Media reports suggest plans to build three new offshore wind turbine manufacturing facilities that could create an estimated 60,000 new jobs will be cancelled following the Coalition government’s spending review.
The previous government pledged £60m towards upgrading the infrastructure around ports to enable wind turbine manufacturing in this country, crucial for delivering Round 3 offshore wind projects.
Following the former chancellor’s promise to beef up the ports, Siemens indicated it would invest more than £80m to develop an offshore wind turbine production facility in the UK. Similarly General Electric proposed spending around €110m on an offshore turbine factory in the UK that would employ 1,900 people.
Mitsubishi had earlier announced plans for investing up to £100m on an offshore wind turbine factory in the UK.
But the Guardian reports today the £60m promised for Britain’s ports is rumoured to become another casualty of the spending review. According to the newspaper, the Department of Energy and Climate Change (DECC), which is to provide half the £60m required, is still fighting for the funds. However, this enthusiasm isn’t being echoed by the Department for Business, which was expected to give the other half, or the Treasury.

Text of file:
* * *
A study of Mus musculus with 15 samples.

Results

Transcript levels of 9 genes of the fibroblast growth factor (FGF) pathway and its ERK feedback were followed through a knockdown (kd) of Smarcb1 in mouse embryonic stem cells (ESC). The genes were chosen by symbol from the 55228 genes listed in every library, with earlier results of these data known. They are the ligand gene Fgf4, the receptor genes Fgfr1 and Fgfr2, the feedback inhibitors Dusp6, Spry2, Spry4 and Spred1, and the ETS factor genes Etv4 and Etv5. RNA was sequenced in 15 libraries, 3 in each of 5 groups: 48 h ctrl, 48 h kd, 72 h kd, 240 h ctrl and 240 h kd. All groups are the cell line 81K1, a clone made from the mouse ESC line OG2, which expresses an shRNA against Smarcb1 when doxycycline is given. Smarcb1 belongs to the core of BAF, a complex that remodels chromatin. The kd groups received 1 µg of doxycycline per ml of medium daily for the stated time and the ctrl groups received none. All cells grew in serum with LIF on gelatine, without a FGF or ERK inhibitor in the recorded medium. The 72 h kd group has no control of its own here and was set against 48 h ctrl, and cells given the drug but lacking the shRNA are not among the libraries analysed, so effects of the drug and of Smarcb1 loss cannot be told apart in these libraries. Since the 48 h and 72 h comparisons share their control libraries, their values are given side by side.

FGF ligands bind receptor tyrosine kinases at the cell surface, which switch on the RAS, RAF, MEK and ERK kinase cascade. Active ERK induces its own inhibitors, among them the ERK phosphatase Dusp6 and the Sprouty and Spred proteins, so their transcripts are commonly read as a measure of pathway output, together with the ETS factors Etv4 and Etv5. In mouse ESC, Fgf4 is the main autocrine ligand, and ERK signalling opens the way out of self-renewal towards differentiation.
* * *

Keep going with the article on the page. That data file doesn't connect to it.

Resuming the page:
As The Engineer reported in June the government’s port investment is strategically important for the development of the offshore wind industry. The £60m competition would involve UK ports bidding for money to rejuvenate their facilities.
Despite all of the UK’s potential, its existing infrastructure is in no way capable of sustaining a turbine manufacturing industry. Especially considering the growing size of turbines, which would be impossible to transport on the country’s roads.
Any announcement signifying retracted support for the ports will likely scuttle plans for building offshore wind turbine plants in the UK. Siemens, for one, was clear its decision to build a plant in the UK was bolstered mostly by the government’s pledged support for port infrastructure.
As an island nation with currently the world’s largest installed offshore wind capacity and high-level of expertise in the field, the UK seems like a natural home for turbine manufacturing.
While recent figures suggest the wind industry is dipping into its first recession, the government shouldn’t be shortsighted. With renewable energy targets still needing to be met, the Coalition should be wary before making any moves that could discourage investment into an industry that will likely create jobs and boost the UK’s economy into the future.